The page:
In few hours President Ellen Johnson Sirleaf’s successor will be know following Tuesday low turn out presidential runoff election.
The Vote previously scheduled for November 7, this year was delayed due to legal challenge from the ruling Unity Party and the Liberty Party on account of fraud and irregularity accusations.
With a little over 2 million voting population, the election is expected to record a less number of voters compared to the October 10, 2017 legislative and presidential elections, which registered more that 70% turn out.
The United States Ambassador accredited near the capital Monrovia, Christine Elder said expected the turnout to be more but it was not encouraging.
“This is one of the largest polling places [Cathedral Catholic School] in Monrovia I understand, but I think throughout the day it’s going to be lower than it was in October,” she said.
“ We [US] and the international community are following the election very closely. We got a number of our own team, most importantly the professional and observation team across the country and in every county because Liberia is not just Monrovia.
“This election is more regional because you got ECOWAS and the AU and we have built the capacity of domestic observers who we are working with because this is a big election for everyone and in West Africa. West Africa is moving towards democratic shift and I think that’s what we will see in Liberia today because the people are determined and ready to do it.”
Vice President Joseph Boakai of the ruling Unity Party and Senator George Weah of the Coalition for Democratic Change contested the election, in which voters are seeking affordable education, improved health care and better paid jobs.
“I voted today for my children’s future,” Ma Kumba Kendor said.
“I think Joseph Boakai can make a good president for our country and can move us forward. I’m happy today that we can vote for him. We’re only looking up to God because he’s the one we’re depending on.”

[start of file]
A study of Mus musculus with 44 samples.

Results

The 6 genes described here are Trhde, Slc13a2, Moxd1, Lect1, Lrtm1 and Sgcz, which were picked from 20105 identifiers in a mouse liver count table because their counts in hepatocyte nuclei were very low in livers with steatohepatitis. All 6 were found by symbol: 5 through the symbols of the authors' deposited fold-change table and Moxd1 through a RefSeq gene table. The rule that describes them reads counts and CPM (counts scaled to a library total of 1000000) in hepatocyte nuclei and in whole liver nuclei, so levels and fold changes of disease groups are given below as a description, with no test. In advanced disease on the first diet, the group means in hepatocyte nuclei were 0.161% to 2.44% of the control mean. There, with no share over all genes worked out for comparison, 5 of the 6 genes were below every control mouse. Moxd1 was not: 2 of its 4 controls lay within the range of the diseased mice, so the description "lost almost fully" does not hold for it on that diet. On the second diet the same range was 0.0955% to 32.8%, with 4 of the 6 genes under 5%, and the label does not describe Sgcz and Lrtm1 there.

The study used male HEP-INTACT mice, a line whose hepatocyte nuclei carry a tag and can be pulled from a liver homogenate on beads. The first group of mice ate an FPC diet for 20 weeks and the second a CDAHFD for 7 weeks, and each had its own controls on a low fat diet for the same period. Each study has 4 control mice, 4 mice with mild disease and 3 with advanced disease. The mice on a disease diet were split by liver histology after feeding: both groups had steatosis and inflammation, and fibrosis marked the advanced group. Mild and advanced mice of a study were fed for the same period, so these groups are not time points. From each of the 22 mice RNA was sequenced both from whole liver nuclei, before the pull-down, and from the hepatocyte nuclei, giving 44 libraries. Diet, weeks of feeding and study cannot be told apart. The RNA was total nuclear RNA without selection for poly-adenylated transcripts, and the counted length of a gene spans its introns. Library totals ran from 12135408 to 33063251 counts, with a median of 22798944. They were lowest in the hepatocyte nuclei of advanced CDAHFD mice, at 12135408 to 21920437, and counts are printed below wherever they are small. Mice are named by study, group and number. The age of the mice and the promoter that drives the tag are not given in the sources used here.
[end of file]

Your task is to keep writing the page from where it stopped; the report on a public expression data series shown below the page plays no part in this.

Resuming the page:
Sweden based governance and political analyst Jelius Kanubah said the election is difficult to predict based on the low turn out,
Mr. Kanubah: It depends whose supporters really did turn out. But in the given circumstances, it is hard to assess since at the close of election campaigning both sides made strong appeals for their supporters to turn out and vote.
As we know, the opposition CDC told its supporters to turn out and retire VP Boakai on 26th December. On the other hand, the Boakai campaign told his supporters to turn out and save Liberia from landing into the wrong and inexperienced hands of Weah. With such statements by both sides, it is difficult to predict.
Nonetheless, if the UP has been crying that they are being cheated or were cheated in the first round of elections, then, this is likely to have discouraged its supporters from turning out since they may have considered their votes as insignificant or subject to misrepresentation.
Equally, Weah supporters might have felt complacent that either he will win or has won the election given the cries of the UP and his relatively good performance during the first round of election. With such feeling, they might have stayed home and not voted. In this sense, Boakai could benefit, that is, if indeed it was his supporters that did turn out.
In short, a low turn out is likely to favour any of the candidates, especially if their supporters were mostly among the low turn out. I cannot stress the game of predictions is messy!
But if turn out is low in Montserrado, Nimba and Bong counties compared to any other county, Weah should be more worried than Boakai. These are decisive counties.
Lofans will surely turn out considering they have a major stake.
But so too are Senator Taylor’s Bong and Nuquay’s Margibi.
Not sure about turn out in Montserrado.
But our rural and peri-urban voters are more likely to vote if they have something at stake.